Update: On Tuesday, Marist issued another statement, after saying that some students did kneel during other songs. Part of that statement read as follows: “Although these are the facts, we recognize there are still students at Marist who viewed this video or who were at the Homecoming dance that were hurt by these actions. Marist is a family, and when one of us hurts, we all hurt. The fact that there were students who left the homecoming dance hurt by what they witnessed shows us that there is work to do.”
Administrators at a Catholic high school in Chicago are investigating an incident that occurred during the school’s homecoming dance over the weekend, in which white students kneeled and booed during a Spanish-language song.
Video recorded by Elizabeth Pacheco, a 16-year-old junior of Mexican descent at Marist High School on the city’s southwest side, shows a group of white students kneeling in the center of the dance floor while a smaller group of Mexican students are seen line-dancing to a Spanish-language version of the Billy Ray Cyrus hit “Achy Breaky Heart.”
“You send us emails asking for pictures of our families during Hispanic Heritage Month,” reads Pacheco’s caption to the video on Instagram, which has received nearly 200,000 views in the past two days. “You hang up our banners of papel picado throughout the school. If you love our food, ethnic fashion, and energy so… why do you resent us. [sic] How would you like it if we kneeled to your country music?”
In addition to the kneeling and booing, Pacheco and her friend Maia Trevino, who was also at the dance on Saturday night, say they heard a classmate make a racist comment.
“I’m trying to understand their point of view,” Pacheco told the Chicago Sun-Times. “But when it’s something that’s so wrong that just targets you and your community, it’s really upsetting. I kind of can’t see them the same anymore.”
“I never thought that that would ever happen to me, especially in a school where I felt safe and appreciated and with friends -who I considered friends,’ she added. ‘Seeing them kneel and disrespect what I am… and the culture I represent … it doesn’t feel good.”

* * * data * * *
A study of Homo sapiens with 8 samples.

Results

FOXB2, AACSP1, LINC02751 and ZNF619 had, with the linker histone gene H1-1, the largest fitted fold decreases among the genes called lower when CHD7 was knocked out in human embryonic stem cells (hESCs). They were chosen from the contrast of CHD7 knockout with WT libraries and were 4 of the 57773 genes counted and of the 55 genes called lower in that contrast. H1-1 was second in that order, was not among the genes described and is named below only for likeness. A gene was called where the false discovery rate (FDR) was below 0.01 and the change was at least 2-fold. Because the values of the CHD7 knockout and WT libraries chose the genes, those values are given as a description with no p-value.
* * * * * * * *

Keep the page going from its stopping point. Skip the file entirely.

The school’s spokeswoman, Kristine Kavanagh, released a statement saying Marist administrators were “disheartened” by the incident and were using it “to educate all members of our student body, so they have a clear understanding of how their actions, even unintended ones, can be perceived as hurtful to others.”
“We respect and foster diversity, equity, and inclusion for all and want every student to succeed by feeling valued, seen, and connected,” the statement reads. “We, as a school, promote cultural diversity and are providing professional development on cultural competency for staff and students. Marist High School is fully investigating the events and will address them as appropriate.”
On Monday some sophomore students kneeled during their homeroom class in protest of racism at the school. Principal Meg Dunneback also met with Pacheco and other Latino students.
This isn’t the first time anti-Latino sentiment has reared its head at Marist High. Pacheco says that just last month some white students were heard booing and using a stereotypical Mexican accent after kitchen staff started playing Latin music in honor of the start of Hispanic Heritage Month.
And in 2016 two white students were expelled for racist text messages shared on social media. The girls’ fathers sued the school for $1 million, though the case was settled out of court and administrators allowed the girls to receive their diplomas.